In November 2018, Massachusetts residents will vote on ballot Question 1, a proposed law that would limit how many patients could be assigned to each registered nurse in Massachusetts hospitals and certain other health care facilities. This will be devastating for behavioral and mental health facilities. Concerned by the negative impact that this proposed law would have on overall patient care, McLean has come out publicly in opposition to Question 1.
Reasons behind this opposition are detailed in a recently issued statement from McLean Hospital and a white paper prepared by the Massachusetts Association of Behavioral Health Systems. Individuals in the McLean community are also speaking publicly about why they oppose Question 1. We will be featuring these narratives during the weeks leading up to Election Day voting on November 6, 2018.
My decision to vote against Question 1 is based on my firsthand knowledge that quality care depends on a balanced team of highly trained, skilled, and compassionate professionals. I learned this over many years as I watched my children struggle to find the appropriate psychiatric care for their conditions. In all, my 15-year-old son and my 20-year-old daughter have been hospitalized more than 25 times for psychiatric issues. Fortunately for us, we eventually found the right care at McLean Hospital in Belmont and the McLean-Franciscan Child and Adolescent Inpatient Program. My children have benefited from the rigorous training and consistency of approach involving McLean’s psychiatrists, nurses, social workers, front desk staff, admissions people, even the security staff.
As a parent, having gone through the pain of seeing my children struggle with not being able to find the appropriate health care, I have become a tremendous supporter of McLean’s approach and a strong advocate for improving the standard of care for all mental health patients.
This brings me to my concerns about Question 1. One of my main worries is that funding for Question 1, if it passes, would take away from the critical supports that mental health patients now have through the state’s Department of Mental Health. A tremendous amount of money would have to be spent to pay to institute the dramatic staffing changes required by the new law. I’m not sure how this would be paid for, but it would probably end up coming back to us, the taxpayers—and it could affect mental health funding. The lack of clarity around Question 1’s funding is troubling.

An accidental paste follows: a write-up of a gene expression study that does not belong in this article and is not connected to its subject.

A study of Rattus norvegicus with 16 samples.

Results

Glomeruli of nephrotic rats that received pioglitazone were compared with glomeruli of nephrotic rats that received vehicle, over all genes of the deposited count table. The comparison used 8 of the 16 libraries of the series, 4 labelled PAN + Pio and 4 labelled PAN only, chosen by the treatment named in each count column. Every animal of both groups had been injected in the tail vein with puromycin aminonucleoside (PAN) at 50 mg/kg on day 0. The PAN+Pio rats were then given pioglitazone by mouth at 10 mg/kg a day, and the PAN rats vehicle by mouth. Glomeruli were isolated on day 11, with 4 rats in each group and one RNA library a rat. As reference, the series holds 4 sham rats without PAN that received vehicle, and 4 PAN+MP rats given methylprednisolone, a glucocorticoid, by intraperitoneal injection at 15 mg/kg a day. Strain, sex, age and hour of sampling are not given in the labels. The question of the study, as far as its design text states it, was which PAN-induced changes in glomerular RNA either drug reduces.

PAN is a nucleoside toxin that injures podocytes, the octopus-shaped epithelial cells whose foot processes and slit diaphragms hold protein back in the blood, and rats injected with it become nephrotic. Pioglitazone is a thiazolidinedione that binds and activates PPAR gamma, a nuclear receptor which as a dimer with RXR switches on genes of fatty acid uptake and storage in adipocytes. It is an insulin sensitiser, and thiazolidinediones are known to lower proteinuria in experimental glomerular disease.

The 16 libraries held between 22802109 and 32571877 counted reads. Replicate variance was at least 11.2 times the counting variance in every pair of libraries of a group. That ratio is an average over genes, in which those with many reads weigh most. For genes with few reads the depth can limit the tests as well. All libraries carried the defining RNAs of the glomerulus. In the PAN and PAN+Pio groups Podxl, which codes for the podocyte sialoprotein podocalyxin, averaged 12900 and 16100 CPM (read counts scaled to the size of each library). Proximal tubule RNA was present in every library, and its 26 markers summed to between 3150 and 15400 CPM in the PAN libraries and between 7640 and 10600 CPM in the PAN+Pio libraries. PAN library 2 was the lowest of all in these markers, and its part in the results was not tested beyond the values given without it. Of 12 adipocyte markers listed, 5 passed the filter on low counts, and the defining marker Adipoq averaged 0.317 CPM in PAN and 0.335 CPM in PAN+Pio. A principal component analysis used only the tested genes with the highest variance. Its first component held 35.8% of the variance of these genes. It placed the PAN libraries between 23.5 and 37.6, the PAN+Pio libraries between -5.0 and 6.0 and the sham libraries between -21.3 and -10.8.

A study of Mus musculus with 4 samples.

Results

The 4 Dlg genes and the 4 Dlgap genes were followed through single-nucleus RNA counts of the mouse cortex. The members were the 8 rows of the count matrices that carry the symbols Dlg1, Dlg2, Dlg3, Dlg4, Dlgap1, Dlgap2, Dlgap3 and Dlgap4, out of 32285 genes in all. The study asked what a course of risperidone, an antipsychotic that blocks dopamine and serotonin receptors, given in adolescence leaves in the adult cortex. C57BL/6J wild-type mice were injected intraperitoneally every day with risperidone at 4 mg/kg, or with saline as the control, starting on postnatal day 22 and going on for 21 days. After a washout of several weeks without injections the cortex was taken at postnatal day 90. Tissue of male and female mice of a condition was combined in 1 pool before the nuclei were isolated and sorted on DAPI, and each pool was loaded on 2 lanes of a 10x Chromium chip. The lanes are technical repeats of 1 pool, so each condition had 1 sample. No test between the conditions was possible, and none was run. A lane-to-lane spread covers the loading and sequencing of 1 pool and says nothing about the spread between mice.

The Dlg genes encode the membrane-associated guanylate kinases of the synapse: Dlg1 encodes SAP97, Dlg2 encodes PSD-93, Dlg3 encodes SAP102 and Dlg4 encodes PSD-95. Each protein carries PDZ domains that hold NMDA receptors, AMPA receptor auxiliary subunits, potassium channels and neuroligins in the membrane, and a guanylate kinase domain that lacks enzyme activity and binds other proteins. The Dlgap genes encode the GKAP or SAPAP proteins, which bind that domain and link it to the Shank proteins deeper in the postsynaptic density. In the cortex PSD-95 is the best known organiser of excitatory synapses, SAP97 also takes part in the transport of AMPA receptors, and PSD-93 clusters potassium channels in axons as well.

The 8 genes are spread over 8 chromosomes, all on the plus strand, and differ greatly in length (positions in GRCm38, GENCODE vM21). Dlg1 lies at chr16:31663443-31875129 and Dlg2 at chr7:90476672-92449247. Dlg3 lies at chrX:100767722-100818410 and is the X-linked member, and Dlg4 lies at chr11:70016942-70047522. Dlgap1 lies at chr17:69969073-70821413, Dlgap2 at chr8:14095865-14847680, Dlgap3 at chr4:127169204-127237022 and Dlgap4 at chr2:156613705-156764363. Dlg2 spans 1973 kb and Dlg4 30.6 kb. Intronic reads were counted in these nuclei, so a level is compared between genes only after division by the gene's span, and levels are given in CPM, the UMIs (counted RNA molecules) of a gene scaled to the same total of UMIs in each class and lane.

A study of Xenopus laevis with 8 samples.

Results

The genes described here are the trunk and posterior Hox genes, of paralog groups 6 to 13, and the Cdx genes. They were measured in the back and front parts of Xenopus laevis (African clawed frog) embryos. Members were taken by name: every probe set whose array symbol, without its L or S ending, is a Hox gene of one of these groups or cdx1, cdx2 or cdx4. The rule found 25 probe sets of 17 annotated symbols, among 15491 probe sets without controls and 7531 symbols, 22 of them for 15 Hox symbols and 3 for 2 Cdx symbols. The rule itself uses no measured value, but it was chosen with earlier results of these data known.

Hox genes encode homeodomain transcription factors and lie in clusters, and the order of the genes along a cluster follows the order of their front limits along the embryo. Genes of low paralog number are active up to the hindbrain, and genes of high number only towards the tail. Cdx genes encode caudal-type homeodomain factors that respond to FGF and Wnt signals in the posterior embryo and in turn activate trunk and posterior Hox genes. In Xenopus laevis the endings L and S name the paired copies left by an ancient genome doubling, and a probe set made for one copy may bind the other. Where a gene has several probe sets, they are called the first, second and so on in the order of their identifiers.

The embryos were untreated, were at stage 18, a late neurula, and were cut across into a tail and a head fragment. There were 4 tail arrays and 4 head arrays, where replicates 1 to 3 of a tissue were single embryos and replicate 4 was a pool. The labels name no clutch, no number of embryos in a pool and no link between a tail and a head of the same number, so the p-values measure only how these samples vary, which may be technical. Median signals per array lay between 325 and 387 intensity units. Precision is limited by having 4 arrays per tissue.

In addition to funding questions, I don’t believe that Question 1, as worded, is the right way to address staffing issues in our health care system. Again, from my experience as a health care professional and my experience with my children, I know that effective care requires a balanced, multidisciplinary team, including doctors, nurses, social workers, and frontline staff. Nurses are an important part of those teams, but they are only a piece. Some cases may require increases in nursing staff. Other cases may not.
Staffing is a complicated issue, and I know that there are nursing shortages at small, community-based hospitals. Still, I do not believe that imposing a global mandate to address staffing issues, as proposed by Question 1, is the right approach. I believe that staffing shortages must be addressed case by case in specific settings.
The health care professionals that I speak with in my work also feel this way. If the people in the field who I support and care about are not supporting Question 1, I’m listening to them. I hope you will too.
Kate Maffa, PT, MS, is mother to her 15-year-old son and 20-year-old daughter, who were treated at McLean Hospital on our Belmont campus and at the McLean-Franciscan Child and Adolescent Inpatient Program.